The goal is to explore the use of the high gain inverting CMOS amplifier in a LC oscillator.
ADALM2000 Active Learning Module
2 - 0.1 uF capacitor (104)
1 - 47 Ω resistor
1 - 1 mH inductor
1 - CD4069A, CD4069UB or 74HCU04 unbuffered hex inverter (be sure not to use the buffered 74HC04 version) Alternatively three simple CMOS inverters can be built using the CD4007 transistor array. Note the appendix at the end.
A CMOS inverter can also be viewed as a high gain amplifier. It consists of one PMOS device, M1 and one NMOS device M2. Generally the CMOS fabrication process is designed such that the threshold voltage, VTH, of the NMOS and PMOS devices are roughly equal i.e. complementary. The designer of the inverter then adjusts the width to length ratio, W/L, of the NMOS and PMOS devices such that their respective transconductance is also equal.
Figure 1 CMOS Inverting amplifier
First build the simple example shown figure 2 to test the input to output transfer function of the simple CMOS amplifier. The green boxes indicate connections to the connector on The ADALM2000. Connect Vp (+5V) power to VCC (pin 14) and ground to GND (pin 7). Connect the output of the waveform generator to one of the inverter inputs (pin 1) along with scope input 1+ and connect the inverter output (pin 2) to scope input 2+.
Figure 2 amplifier transfer function
Figure 3 74HCU04 and CD4069A(UB) share the same package pinouts
Configure the waveform generator for a 1 KHz triangle wave with 4V amplitude peak-to-peak and 2.5V offset. Both scope channels should be set to 1V/Div.
Measure the slope of the output and calculate the DC gain of the amplifier as the ratio of the change in the output voltage to the change in input voltage at the center of the output swing (i.e. around 2.5V). Remember this should be a negative number because the amplifier inverts.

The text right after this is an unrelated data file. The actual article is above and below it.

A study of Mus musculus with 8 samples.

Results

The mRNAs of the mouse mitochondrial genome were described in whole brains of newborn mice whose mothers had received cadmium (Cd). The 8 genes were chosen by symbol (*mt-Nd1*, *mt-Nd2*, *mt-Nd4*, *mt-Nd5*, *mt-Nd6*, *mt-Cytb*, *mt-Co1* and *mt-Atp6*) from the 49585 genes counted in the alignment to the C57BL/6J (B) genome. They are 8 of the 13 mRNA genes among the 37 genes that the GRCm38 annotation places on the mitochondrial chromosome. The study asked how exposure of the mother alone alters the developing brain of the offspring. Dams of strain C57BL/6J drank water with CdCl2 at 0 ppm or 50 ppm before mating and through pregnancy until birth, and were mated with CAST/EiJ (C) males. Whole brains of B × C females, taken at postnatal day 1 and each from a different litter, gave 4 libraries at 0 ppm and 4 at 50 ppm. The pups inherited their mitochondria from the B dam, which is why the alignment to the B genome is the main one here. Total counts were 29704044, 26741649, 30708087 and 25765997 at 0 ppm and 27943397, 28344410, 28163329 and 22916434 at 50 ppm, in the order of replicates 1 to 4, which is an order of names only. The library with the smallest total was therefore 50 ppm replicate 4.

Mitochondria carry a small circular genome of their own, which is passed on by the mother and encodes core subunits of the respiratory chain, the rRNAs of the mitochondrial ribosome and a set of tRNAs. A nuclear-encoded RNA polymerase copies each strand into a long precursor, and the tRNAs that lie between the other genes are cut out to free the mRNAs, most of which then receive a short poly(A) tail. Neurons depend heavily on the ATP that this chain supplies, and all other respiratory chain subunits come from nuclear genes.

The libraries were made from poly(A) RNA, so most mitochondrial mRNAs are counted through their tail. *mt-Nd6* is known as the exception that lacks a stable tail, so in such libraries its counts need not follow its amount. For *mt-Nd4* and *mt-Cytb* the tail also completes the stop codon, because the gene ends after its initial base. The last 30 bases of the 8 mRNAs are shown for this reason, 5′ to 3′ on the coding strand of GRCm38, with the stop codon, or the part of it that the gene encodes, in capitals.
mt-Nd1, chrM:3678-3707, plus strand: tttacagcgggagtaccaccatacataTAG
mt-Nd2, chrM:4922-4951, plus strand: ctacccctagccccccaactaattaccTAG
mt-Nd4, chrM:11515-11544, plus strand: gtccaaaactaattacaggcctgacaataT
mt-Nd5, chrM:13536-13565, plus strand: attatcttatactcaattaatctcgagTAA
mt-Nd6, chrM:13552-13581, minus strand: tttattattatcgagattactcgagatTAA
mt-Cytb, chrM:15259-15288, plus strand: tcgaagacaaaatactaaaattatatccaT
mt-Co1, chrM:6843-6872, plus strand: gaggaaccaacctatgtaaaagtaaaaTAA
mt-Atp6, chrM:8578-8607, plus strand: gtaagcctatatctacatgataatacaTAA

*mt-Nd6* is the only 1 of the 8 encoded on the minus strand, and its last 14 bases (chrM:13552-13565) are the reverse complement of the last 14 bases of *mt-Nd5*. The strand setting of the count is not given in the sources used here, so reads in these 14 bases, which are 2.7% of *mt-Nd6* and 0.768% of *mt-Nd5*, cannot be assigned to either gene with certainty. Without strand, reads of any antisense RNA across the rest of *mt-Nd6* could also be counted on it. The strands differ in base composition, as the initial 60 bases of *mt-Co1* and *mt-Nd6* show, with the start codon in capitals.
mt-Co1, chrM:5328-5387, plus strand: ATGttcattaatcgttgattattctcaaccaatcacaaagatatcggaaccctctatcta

On your solder-less breadboard construct the filter network shown in figure 4 below. Using the Network (Bode) analyzer tool measure the gain and phase response of the LC network.
Figure 4 LC filter network
Configure the Network (Bode) analyzer for 2 log decades, end frequency of 100 KHz, a max gain of 2X, run time of 10 sec, offset of 0 V and an amplitude of 2 V peak-to-peak. Run a single sweep and save the data to a file.
Write down the equation for the cut-off frequency of the pi LC lowpass filter section used in figure 4 and calculate FC. How does this answer compare to what you measured?
Based on the frequency response of the LC network, at what frequency do you think the circuit will oscillate?
Be sure that pin 14 of the 74HCU04 (CD4069) is connected to Vp and Pin 7 is connected to ground. Turn on the power supplies. Both scope channels should be set to 1V/Div. and the time base to 20 uSec/Div.
Compare the waveforms you observe at pin 1, pin 2, and pin 4 of the Hex inverter (74HCU04).
What are the criteria for a circuit to oscillate stably?
At what frequency does the circuit oscillate and how does this compare with your prediction from the frequency sweep of the LC filter back in step 2?
Making an inverter with the CD4007 transistor array. Below is the schematic and pinout for the CD4007:
CD4007 CMOS transistor array pinout
As many as three individual inverters can be built from one CD4007 package. The simplest first one to configure as shown below is by connecting pins 8 and 13 together as the inverter output. Pin 6 will be the input. Be sure to connect pin 14 VDD to power and pin 7 VSS to ground.
The second Inverter is made by connecting pin 2 to VDD, pin 4 to VSS, pins 1 and 5 are connected together as the output and with pin 3 as the input.
The third inverter is made by connecting pin 11 to VDD, pin 9 to VSS, pin 12 is the output and pin 10 is the input.
Two of these inverters can be used to construct the LC oscillator in figure 5 for example.